Ford Escape Photo: Ford

A Ford SUV has problems blowing cold air.

Recently, we came upon a very interesting case. There was a 2017 Ford Escape with a customer complaint of the A/C not blowing cold air. Previously the vehicle had the A/C compressor replaced due to the clutch failing previously.

Engaged, but not cool

When we looked at the vehicle the clutch was engaged but the system would not cool. On these vehicles, the A/C system uses a variable displacement compressor and 1234YF refrigerant. Other than those two distinctions the system is a conventional expansion valve type system.

Hooking up to the gauges revealed no deficiency in refrigerant. Photo: Mark Lemay

The first step was straightforward—we hooked up the pressure gauges to see what was going on and took a quick look at the scan data for codes and clues. With the gauges hooked up and the engine running, plus the A/C system turned to MAX cold the gauges (Fig 2) showed that the system was not low on refrigerant but there was no pressure change between the high and low-pressure sides with the compressor running.

Pressure changes

Looking at how the system works and delving into a little bit of AC theory (Fig 3) we know that there are two pressure changes that must take place in the system for it to produce cold air. The first is a pressure increase which takes place in the compressor and the second is a pressure decrease at the TXV (thermostatic expansion valve). In our case, the pressure is registering at 85 psi on both sides of the system. This can happen in one of two ways, either there is no refrigerant being circulated or the TXV is wide open and there is no restriction in the system.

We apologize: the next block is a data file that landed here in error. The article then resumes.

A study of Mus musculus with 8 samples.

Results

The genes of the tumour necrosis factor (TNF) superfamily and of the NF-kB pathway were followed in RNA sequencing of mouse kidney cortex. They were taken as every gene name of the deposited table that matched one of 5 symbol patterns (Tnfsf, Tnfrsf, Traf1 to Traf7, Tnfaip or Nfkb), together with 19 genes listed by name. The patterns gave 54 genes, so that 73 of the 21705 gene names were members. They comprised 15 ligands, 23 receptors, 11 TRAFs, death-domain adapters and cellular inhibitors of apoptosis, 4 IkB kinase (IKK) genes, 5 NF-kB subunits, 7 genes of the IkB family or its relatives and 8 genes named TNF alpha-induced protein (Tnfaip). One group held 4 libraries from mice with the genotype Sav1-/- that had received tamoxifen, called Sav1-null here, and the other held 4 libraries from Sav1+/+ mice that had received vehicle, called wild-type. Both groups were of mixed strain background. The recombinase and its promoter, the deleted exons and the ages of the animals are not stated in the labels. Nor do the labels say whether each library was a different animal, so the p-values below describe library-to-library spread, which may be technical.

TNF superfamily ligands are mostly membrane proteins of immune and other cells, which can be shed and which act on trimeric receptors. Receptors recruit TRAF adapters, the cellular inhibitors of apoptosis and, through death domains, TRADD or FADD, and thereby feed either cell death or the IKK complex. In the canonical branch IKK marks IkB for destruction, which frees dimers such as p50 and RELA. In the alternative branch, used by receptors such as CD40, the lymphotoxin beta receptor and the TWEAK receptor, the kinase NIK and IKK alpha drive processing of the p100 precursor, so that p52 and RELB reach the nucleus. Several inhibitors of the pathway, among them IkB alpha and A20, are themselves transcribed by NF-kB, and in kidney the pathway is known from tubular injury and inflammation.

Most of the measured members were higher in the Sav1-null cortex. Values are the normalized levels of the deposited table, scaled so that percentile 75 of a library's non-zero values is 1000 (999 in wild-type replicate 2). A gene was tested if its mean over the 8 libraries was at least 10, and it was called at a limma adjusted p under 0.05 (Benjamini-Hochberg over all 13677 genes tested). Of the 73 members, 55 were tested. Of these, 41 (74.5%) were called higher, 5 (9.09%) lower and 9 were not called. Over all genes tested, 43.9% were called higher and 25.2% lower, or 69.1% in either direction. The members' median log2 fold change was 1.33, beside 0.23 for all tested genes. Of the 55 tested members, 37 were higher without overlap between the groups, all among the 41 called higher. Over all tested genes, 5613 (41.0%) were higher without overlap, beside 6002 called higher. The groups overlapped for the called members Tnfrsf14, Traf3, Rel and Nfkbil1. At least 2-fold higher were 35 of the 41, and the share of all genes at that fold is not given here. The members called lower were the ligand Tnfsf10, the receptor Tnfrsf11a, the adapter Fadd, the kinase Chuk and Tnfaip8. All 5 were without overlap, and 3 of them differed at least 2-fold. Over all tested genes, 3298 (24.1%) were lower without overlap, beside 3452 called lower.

With 85 psi of pressure on both sides of the system, there was definitely a problem… Photo: Mark Lemay

We then checked the scan data to see if the compressor was being commanded on. When we looked at the data (fig 4), the PCM was commanding the compressor to operate at a high flow rate. The PCM is commanding the compressor to an 85 % duty cycle which is close to maximum flow. On this system, a high duty cycle indicates higher flow rate from the compressor. Clearly the PCM wanted high refrigerant flow. It looked like the PCM was commanding the correct response but the underlying question of whether this is a compressor or TXV problem was still not answered.

Data showed the PCM was requiring the compressor to operate at high flow capacity. Photo: Mark Lemay

No change in pressure

Theoretically, if the TXV is stuck open there would be no restriction in the system to create a pressure change, also if there was no refrigerant flow there would be no pressure changes. So, which one was it? First, if there is sufficient flow (Maximum is being commanded) through the TXV even if the valve is not closing, we should have seen a slight change in pressure or temperature across the TXV. We saw no such change in pressure. This would seem to indicate that we have no or low flow which takes us back to the compressor. The question now seemed to be whether the compressor was being driven properly by the PCM. When we checked the scan data the PCM indicated that it is applying an 85% duty cycle and about 850 milliampere (mA) of current. We used a low amps probe and scope and measured the actual current to the compressor.

Faulty compressor

We measured 875 mA of current applied to the control solenoid in the compressor. This should have been enough current to command the compressor to the maximum flow rate which should have resulted in some change in pressure. Since we saw no pressure change at all we concluded that the compressor was faulty and should be replaced.

In this case, understanding the system and its operation led to a quick diagnosis.